Glen Hill
4 minute read
2 Apr 2014
3:00 pm

A vehicle for all conditions

Glen Hill

Mitsubishi's Outlander started life as the Airtrek, which could be the first time a vehicle has carried an Afrikaans oriented name internationally.

Although that name fell away ages ago it underscores the vehicle’s appropriateness in the South African context. Good tar roads and good dirt roads covering thousands of kilometres of unexplored wilderness are what Outlander drivers will be able to traverse.

The Outlander underwent a full model change in early 2013 and in the earlier launch countries the sales have been very good. South Africa is now getting the all-new Outlander with additional 2014 changes that include design tweaks as well as a reduced drag-coefficient.

The first in the range of Outlanders to be launched in South Africa will be the luxurious GLS Exceed model. The vehicle is powered by a 2.4-litre, four-cylinder petrol engine developing 123kW of power at 6 000rpm and 222Nm of torque at 4 100rpm. Claimed fuel consumption in the combined test mode is 8.2l/100km and emissions on this cycle are 192g/km. Claimed maximum speed is 195km/h with a maximum towing capacity of 750kg.

The Outlander uses a continuously variable transmission (CVT) to transfer the power from the engine to the wheels. This is its greatest weakness by far.

If you would like to get a move on and are generous with the throttle inputs, the engine revs up to almost 6000rpm and stays there until the speed catches up or you back off when the vehicle speed is where you want it. Not only is this a bit noisy, but it also burns fuel.

We got nowhere near the claimed consumption figures on the launch drive, presumably for this reason.

It is true that you can learn to drive a CVT better than that, but I have yet to experience one that I could live with. Unfortunately there are no other gearbox options for South Africa at present. A diesel is in the pipeline and it mercifully produces too much torque for CVT, so will probably have a torque converter set-up. This should make for an agreeable vehicle, as the rest of the Outlander is rather nice.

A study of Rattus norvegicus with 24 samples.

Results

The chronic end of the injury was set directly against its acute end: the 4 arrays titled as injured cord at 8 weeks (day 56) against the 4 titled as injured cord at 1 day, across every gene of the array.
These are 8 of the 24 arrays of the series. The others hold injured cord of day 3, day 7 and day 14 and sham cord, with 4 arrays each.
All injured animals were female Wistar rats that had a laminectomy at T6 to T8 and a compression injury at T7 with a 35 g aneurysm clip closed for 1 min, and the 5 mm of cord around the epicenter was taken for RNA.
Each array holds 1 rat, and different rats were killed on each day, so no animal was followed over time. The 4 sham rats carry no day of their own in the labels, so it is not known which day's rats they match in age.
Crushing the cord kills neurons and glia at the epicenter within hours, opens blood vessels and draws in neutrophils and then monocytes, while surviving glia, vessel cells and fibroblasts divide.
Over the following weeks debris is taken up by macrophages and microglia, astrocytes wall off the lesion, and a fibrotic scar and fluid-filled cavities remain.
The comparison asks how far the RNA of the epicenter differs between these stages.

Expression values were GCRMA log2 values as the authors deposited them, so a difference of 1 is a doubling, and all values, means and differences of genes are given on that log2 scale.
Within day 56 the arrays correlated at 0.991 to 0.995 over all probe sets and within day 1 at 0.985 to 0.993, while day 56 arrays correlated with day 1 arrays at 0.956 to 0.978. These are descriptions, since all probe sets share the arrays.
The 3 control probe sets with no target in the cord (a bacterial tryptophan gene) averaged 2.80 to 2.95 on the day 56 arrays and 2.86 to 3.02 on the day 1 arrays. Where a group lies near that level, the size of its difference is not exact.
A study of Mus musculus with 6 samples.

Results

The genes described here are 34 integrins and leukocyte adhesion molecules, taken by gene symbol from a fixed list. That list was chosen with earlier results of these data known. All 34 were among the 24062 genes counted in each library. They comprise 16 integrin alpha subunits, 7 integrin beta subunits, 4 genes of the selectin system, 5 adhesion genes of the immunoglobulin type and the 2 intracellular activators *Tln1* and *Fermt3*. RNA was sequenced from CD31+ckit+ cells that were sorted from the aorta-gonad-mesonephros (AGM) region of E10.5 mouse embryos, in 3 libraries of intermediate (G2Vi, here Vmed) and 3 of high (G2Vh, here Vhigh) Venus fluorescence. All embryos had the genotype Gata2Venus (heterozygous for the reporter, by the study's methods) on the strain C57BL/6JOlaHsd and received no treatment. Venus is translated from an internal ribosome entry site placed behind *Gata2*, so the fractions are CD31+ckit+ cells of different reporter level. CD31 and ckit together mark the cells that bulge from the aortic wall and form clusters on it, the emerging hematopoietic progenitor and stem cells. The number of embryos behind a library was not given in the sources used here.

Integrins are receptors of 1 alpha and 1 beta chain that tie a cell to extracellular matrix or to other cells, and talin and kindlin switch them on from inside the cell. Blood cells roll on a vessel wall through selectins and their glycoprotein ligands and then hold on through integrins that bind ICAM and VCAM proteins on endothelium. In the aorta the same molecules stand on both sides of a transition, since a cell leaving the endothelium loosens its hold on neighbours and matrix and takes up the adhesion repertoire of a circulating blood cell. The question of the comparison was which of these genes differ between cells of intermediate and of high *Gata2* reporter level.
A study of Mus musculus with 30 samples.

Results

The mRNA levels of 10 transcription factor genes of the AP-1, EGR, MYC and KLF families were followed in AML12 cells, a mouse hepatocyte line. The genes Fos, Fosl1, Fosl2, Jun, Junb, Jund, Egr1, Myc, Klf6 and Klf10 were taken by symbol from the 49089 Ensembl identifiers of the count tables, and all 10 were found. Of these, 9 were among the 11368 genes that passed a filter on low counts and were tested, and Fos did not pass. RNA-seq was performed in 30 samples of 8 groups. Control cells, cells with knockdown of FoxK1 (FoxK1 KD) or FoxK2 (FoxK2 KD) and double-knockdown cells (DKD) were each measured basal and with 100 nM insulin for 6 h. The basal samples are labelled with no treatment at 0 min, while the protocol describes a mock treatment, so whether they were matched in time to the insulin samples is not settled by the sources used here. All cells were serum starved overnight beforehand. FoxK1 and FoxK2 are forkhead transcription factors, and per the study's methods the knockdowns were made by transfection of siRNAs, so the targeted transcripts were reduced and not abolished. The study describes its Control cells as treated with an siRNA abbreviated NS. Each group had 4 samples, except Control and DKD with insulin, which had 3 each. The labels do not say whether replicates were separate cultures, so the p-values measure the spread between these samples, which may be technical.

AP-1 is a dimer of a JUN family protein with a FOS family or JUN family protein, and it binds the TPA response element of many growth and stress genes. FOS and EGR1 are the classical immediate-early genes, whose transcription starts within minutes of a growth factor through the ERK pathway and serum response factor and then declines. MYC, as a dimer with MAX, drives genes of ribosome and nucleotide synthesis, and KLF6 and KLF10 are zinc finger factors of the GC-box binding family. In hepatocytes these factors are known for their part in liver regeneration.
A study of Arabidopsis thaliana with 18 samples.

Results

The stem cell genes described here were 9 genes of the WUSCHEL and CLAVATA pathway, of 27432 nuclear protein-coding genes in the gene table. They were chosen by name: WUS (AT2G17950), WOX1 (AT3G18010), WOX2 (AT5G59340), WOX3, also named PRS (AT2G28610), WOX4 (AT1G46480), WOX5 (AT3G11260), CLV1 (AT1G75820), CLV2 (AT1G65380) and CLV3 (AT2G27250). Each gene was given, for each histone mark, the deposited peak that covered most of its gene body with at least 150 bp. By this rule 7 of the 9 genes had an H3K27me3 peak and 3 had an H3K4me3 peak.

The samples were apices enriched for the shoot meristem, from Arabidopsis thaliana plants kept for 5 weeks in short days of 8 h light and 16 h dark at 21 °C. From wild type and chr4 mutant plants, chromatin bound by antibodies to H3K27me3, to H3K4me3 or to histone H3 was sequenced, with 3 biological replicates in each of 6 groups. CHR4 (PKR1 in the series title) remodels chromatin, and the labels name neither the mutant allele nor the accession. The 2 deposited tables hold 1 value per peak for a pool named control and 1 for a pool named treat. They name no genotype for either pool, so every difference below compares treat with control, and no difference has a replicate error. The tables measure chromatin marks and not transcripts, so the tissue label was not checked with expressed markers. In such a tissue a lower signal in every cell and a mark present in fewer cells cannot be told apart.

The power passes through a multi-select four-wheel drive (4WD) system, which is electronically controlled. In ECO mode, the 4WD system runs in 2WD during normal driving conditions, but automatically engages 4WD when it senses one of the wheels slipping on a loose or slippery surface. The system permits 4WD ECO, 4WD auto and 4WD lock-up modes.

The lock up mode increases wheel traction, thereby providing maximum tractability. The different modes can be selected through the simple push of a button. The 4WD system is flexible, driver-friendly and provides great capability in off-road situations.

Steering makes use of a rack and pinion system with electric power steering assistance. The steering wheel can be tilted and telescopic adjustment is possible as well.

All models are fitted with 18-inch alloy wheels shod with 225/55 R18 tyres and there is a full size spare wheel.

The new Outlander is extremely spacious with a lot of loading space and offers convenient seating for seven occupants in three rows of seats, with the second and third rows able to fold flat. Getting in and out of the third row of seats is also reasonably easy thanks to the simple fold-forward action.

A high level of standard equipment includes a dual zone automatic air conditioning system, keyless operating system, a high quality touch screen audio system, cruise control, multi-function steering wheel, paddle shifts, an information system, park distance control, Bluetooth with hands-free voice control for cell phone use, a USB port and a retractable tonneau cover over the spacious luggage compartment.

The 7-seater Outlander further boasts leather seats (driver and front passenger seats are

also heated) and a Rockford Fosgate audio system with nine speakers. It also features a rear-view camera, glass sunroof and electrically operated tailgate as well as a rear entertainment system which connects via wireless headphones.

Safety is always top priority for the Mitsubishi engineers and here the Outlander is again very well equipped with seven airbags, ABS (anti-lock braking system) with EBD (electronic brake-force distribution), ASTC (active stability and traction control) which includes BA (brake assist system), and HSA (hill start assist).

The vehicle is built using Mitsubishi’s acclaimed RISE (reinforced impact safety evolution) body construction.

Other safety features include dusk sensing HID headlamps with auto levelling function for better night vision, headlamp washers and front fog lamps, rain sensing windscreen wipers, central locking with an alarm/immobiliser with ultrasonic motion sensors, an Iso-fix child seat anchor (lower and tether) and privacy glass.

Buyers have a choice of five colours for the latest Outlander: Cool Silver Metallic, Titanium Grey, Black Mica, Warm White Pearl and White Solid.